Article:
US Leads Charge as Surge of Oil and Gas Projects Threaten Hope for Livable Planet

Julia Conley
There are over 1,100 oil-producing wells in the McKittrick oil field, just north of the town of McKittrick, California. (Photo: Carolyn Cole/Los Angeles Times via Getty Images)

Mar. 28, 2024

"The science is clear: No new oil and gas fields, or the planet gets pushed past what it can handle," said one analyst.

Fossil fuel-producing countries late last year pledged to "transition away from fossil fuels," but a report on new energy projects shows that with the United States leading the way in continuing to extract oil and gas, governments' true views on renewable energy is closer to a statement by a Saudi oil executive Amin Nasser earlier this month.

"We should abandon the fantasy of phasing out oil and gas," the CEO of Saudi Aramco, the world's largest oil company, said at an energy conference in Houston.

new report published Wednesday by Global Energy Monitor (GEM) suggests the U.S. in particular has abandoned any plans to adhere to warnings from climate scientists and the International Energy Agency (IEA), which said in 2021 that new oil and gas infrastructure has no place on a pathway to limiting planetary heating to 1.5°C.

Despite the stark warning, last year at least 20 oil and gas fields worldwide reached "final investment decision," the point at which companies decide to move ahead with construction and development. Those approvals paved the way for the extraction of 8 billion barrels of oil equivalent (boe).

By the end of the decade, companies aim to sanction nearly four times that amount, producing 31.2 billion boe from 64 oil and gas fields.

The U.S. led the way in approving new oil and gas projects over the past two years, GEM's analysis found.

An analysis by Carbon Brief of GEM's findings shows that burning all the oil and gas from newly discovered fields and approved projects would emit at least 14.1 billion tonnes of carbon dioxide.

"This is equivalent to more than one-third of the CO2 emissions from global energy use in 2022, or all the emissions from burning oil that year," said Carbon Brief.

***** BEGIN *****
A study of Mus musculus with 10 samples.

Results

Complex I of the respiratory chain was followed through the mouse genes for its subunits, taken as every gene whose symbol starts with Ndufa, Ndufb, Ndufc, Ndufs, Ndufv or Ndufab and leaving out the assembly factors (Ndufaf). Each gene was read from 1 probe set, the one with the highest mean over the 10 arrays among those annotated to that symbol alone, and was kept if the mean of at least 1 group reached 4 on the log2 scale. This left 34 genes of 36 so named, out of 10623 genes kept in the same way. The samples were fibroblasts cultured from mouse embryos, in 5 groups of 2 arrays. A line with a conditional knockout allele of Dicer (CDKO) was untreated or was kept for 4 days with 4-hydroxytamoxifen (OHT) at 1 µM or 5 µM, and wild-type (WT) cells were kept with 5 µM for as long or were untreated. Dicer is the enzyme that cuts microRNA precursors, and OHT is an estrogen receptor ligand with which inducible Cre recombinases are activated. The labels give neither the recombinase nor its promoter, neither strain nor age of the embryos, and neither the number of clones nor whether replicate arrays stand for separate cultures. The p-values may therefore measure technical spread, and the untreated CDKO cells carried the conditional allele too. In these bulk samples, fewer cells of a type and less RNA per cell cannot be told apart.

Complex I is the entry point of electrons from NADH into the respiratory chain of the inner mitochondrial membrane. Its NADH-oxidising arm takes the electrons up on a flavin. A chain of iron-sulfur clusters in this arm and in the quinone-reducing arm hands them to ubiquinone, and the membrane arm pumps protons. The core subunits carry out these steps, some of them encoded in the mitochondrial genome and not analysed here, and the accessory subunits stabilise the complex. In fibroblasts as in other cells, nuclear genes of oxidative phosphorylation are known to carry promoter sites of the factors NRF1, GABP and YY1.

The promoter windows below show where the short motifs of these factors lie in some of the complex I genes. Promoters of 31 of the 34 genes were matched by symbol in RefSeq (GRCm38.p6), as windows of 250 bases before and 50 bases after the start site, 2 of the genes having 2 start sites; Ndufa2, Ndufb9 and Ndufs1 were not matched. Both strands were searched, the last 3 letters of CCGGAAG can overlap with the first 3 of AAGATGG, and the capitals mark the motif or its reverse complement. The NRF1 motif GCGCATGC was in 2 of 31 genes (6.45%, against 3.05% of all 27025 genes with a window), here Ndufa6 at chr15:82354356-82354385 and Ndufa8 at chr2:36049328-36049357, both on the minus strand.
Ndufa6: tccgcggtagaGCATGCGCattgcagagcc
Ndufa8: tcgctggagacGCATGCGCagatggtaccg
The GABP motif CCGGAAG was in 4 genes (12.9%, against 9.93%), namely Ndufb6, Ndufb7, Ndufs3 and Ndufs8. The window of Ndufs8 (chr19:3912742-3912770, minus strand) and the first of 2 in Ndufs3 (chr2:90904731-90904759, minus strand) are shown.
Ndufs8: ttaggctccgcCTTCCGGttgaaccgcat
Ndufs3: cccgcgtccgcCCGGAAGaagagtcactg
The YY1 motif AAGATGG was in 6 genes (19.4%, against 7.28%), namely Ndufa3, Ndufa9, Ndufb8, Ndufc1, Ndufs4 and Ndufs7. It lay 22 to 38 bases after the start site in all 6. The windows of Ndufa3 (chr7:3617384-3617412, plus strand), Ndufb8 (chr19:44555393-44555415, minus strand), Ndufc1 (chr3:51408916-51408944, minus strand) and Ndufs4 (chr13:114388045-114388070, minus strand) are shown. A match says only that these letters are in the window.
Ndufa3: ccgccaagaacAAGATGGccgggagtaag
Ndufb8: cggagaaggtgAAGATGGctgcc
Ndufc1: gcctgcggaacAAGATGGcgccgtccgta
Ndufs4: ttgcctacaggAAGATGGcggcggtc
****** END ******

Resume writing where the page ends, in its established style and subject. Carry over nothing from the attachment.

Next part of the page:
GEM noted in its analysis that oil companies and the policymakers who continue to support their planet-heating activities have come up with numerous "extraction justifications" even as the IEA has been clear that new fossil fuel projects are incompatible with avoiding catastrophic planetary heating.

The report notes that U.S. Sen. Lisa Murkowski (R-Alaska) "supported ConocoPhillips' Willow oil field, arguing that the Alaskan oil and gas industry has a 'better environmental track record,' and not approving the project 'impoverish[es] Alaska Natives and blame[s] them for changes in the climate that they did not cause.'"

Carbon Brief reported that oil executives have claimed they are powerless to stop extracting fossil fuels since demand for oil and gas exists for people's energy needs, with ExxonMobil CEO Darren Woods tellingFortune last month that members of the public "aren't willing to spend the money" on renewable energy sources.

A poll by Pew Research Center last year found 67% of Americans supported the development of alternative energy sources. Another recent survey by Eligo Energy showed that 65% of U.S. consumers were willing to pay more for renewable energy.

"Oil and gas producers have given all kinds of reasons for continuing to discover and develop new fields, but none of these hold water," said Scott Zimmerman, project manager for the Global Oil and Gas Extraction Tracker at GEM. "The science is clear: No new oil and gas fields, or the planet gets pushed past what it can handle."

Climate scientist and writer Bill McGuire summarized the viewpoint of oil and gas executives and pro-fossil fuel lawmakers: "Climate emergency? What climate emergency?"

The continued development of new oil and gas fields, he added, amounts to "pure insanity."